Each day, 30 Australians are diagnosed with Parkinson’s disease. Besides dementia, Parkinson’s disease is one of the most common neurodegenerative disorders and is recognised as a “global phenomenon” by Parkinson’s Australia. Parkinson’s disease affects individuals in very different ways and those diagnosed often require tailored support to help them improve their quality of life.
What is Parkinson’s disease?
According to Parkinson’s Australia, Parkinson’s disease is a “progressive neurological condition, which is characterised by both motor (movement) and non-motor symptoms”. As individuals age, the risk of Parkinson’s rises, however, the disorder can be diagnosed at any age.
The key symptoms of Parkinson’s disease include:
- uncontrollable shaking and tremors,
- slower movements,
- stiffness in limbs,
- and difficulty with balance and standing up.
In the process of diagnosing Parkinson’s, health professionals use a scale which helps people to understand which “stage” of Parkinson’s they are experiencing. Each stage of the disease is characterised by different symptoms which typically become more severe with time.
Stage 1: Mild
The first stage of Parkinson’s is the mildest form of Parkinson’s and at this stage, many people are receiving an initial diagnosis. Generally, the first stage of Parkinson’s does not interfere with daily routine, tasks and lifestyle. If an individual is in the first stage of Parkinson’s, they may experience difficulties in movement which are confined to one side of the body.
Stage 2: Moderate
Many symptoms that are recognisable in the first stage of Parkinson’s are much more noticeable in stage two. These symptoms might be muscle stiffness, tremors, trembling, changes in facial expression, difficulties walking, altered posture or speech abnormalities.
Often, the first two stages of Parkinson’s are experienced by individuals for a number of months or years before they develop further. According to Healthline, many people with Parkinson’s have the ability to live alone, however, some tasks may become more difficult.
If you or someone you know is beginning to experience the first or second stage of Parkinson’s, they might benefit from receiving weekly or daily support from a motivated independent support worker on the Mable platform. Mable allows individuals to determine the details of support sessions, including whether the support is once-off or ongoing, what type of services are needed and specific dates and times of support sessions.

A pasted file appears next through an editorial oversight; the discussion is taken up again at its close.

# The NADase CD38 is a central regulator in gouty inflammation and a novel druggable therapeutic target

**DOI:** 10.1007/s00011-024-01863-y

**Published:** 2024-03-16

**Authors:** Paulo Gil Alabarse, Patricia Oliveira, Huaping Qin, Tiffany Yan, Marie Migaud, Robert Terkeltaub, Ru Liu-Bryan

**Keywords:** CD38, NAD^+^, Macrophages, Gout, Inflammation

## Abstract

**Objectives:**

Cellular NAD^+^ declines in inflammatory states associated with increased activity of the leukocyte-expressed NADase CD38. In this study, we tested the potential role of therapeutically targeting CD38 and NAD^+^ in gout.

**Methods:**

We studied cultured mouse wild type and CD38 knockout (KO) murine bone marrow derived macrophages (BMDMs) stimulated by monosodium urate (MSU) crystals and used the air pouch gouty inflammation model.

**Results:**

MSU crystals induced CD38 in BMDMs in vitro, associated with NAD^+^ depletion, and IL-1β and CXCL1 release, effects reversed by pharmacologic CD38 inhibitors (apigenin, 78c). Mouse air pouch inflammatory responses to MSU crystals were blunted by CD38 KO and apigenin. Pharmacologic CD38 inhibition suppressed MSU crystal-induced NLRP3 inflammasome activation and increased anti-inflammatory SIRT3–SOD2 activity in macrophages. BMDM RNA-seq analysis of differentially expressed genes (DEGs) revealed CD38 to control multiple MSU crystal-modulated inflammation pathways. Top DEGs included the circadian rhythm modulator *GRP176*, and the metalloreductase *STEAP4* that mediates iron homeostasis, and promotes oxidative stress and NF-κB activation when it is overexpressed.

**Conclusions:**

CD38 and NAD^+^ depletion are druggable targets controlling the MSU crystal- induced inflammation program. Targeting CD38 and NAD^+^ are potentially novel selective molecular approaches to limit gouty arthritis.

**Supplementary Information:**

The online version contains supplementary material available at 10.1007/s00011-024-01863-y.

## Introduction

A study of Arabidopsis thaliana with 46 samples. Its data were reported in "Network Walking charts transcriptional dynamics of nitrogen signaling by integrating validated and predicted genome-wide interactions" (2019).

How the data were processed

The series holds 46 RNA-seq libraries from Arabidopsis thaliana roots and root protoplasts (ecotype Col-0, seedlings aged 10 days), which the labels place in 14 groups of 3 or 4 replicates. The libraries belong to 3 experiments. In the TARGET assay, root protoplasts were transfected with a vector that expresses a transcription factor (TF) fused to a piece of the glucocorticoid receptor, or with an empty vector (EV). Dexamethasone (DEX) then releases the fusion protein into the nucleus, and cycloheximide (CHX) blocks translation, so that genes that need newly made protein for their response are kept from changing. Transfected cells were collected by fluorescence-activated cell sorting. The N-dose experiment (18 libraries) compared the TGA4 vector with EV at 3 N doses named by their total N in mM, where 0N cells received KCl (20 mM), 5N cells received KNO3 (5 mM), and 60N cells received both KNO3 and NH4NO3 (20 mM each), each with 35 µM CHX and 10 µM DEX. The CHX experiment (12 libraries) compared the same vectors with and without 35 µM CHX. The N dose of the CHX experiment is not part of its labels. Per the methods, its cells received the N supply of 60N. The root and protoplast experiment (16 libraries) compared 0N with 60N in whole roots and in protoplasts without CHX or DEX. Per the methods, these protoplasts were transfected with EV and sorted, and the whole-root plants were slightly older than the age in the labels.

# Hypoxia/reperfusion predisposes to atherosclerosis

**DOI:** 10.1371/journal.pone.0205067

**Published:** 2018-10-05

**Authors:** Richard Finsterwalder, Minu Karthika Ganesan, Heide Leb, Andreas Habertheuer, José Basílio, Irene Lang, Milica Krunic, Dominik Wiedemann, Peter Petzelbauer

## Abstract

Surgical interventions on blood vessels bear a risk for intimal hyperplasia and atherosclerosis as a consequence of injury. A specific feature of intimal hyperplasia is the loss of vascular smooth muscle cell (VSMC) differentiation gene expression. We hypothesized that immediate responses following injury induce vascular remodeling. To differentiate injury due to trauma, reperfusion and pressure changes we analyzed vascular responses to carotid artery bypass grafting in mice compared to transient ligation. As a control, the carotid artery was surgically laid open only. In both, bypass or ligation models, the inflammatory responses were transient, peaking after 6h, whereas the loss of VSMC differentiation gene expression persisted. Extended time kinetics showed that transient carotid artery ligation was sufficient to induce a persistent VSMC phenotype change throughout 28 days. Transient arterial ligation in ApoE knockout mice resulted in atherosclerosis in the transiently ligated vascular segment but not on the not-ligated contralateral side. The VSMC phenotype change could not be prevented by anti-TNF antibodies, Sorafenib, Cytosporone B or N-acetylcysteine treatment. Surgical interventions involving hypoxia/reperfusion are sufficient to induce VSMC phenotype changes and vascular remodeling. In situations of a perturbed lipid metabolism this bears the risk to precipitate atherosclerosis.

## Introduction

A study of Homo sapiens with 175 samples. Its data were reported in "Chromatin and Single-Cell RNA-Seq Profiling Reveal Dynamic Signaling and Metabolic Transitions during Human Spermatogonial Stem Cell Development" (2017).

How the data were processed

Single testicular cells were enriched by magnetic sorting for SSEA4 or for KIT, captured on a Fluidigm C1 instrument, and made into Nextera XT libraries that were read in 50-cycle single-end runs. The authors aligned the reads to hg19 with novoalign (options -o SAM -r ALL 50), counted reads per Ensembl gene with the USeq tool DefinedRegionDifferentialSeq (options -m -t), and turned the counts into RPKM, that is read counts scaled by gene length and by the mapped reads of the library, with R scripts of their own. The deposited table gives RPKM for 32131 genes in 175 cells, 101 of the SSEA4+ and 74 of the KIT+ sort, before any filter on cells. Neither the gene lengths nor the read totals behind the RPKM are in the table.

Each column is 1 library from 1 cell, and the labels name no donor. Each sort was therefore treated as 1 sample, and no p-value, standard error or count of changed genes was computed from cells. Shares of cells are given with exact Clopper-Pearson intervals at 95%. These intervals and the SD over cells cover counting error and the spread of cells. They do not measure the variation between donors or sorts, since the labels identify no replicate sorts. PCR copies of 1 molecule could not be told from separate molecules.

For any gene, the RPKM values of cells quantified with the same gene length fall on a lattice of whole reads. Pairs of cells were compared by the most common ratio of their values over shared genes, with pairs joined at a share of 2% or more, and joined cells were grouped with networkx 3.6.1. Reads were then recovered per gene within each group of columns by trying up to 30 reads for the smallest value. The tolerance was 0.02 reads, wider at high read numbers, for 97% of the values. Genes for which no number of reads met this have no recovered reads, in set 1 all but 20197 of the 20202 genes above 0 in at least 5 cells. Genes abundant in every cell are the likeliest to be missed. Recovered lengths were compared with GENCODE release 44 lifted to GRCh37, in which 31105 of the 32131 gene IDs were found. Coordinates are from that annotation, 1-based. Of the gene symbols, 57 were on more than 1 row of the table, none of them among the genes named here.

Stage 3: Middle
The third stage of Parkinson’s is often a significant turning point for individuals living with the disease, despite symptoms being similar to those typically recognised in stage two.
The third stage is characterised by a distinct loss of balance, decreased reflexes and slower movements. These symptoms can potentially cause falls which may further diminish the individuals’ independence and physical health. For more information on how you could help prevent your loved one falling in their home, take a look at our blog.
At this stage, weekly support from an independent support worker may be beneficial for an individual experiencing symptoms of Parkinson’s. An independent support worker can help to improve an individual’s independence, contribute to feeling in control and can help enable them to complete their daily tasks with confidence and ease.
Stage 4: Severe
During the fourth stage of Parkinson’s disease, many people begin to lack independence, meaning they begin to lack the ability to live alone. Some people at stage four may also be unable to walk or stand without assistance and may need assistive equipment such as a walker or cane.
At the fourth stage, it can be crucial for individuals to receive in-home support from a reliable, independent worker. Without regular support, it can become extremely dangerous for those affected to live alone, according to Healthline. If your loved one is in need of personal care from a support worker, the Mable platform can make your search for the right independent support workers easy and efficient with advanced filters. The Mable platform also has four unique types of support workers:
- social support and domestic assistance,
- nursing services,
- and Allied Health services.
Stage 5: Advanced
The fifth stage of Parkinson’s disease is the most advanced stage and is typically characterised by advanced stiffness in legs, confusion, hallucinations and delusions. People within stage five have an increased tendency to fall and may be unable to rise from sitting to standing.
Many people within generally benefit from consistent, daily care from independent support workers and registered nurses who have experience in Parkinson’s disease, palliative care, wound care and aged care.
Ready to begin finding the support that can help your loved one feel independent and in control of their life? With Mable, you can filter for independent support workers who meet your loved one’s needs and preferences. Head to Mable to get started today.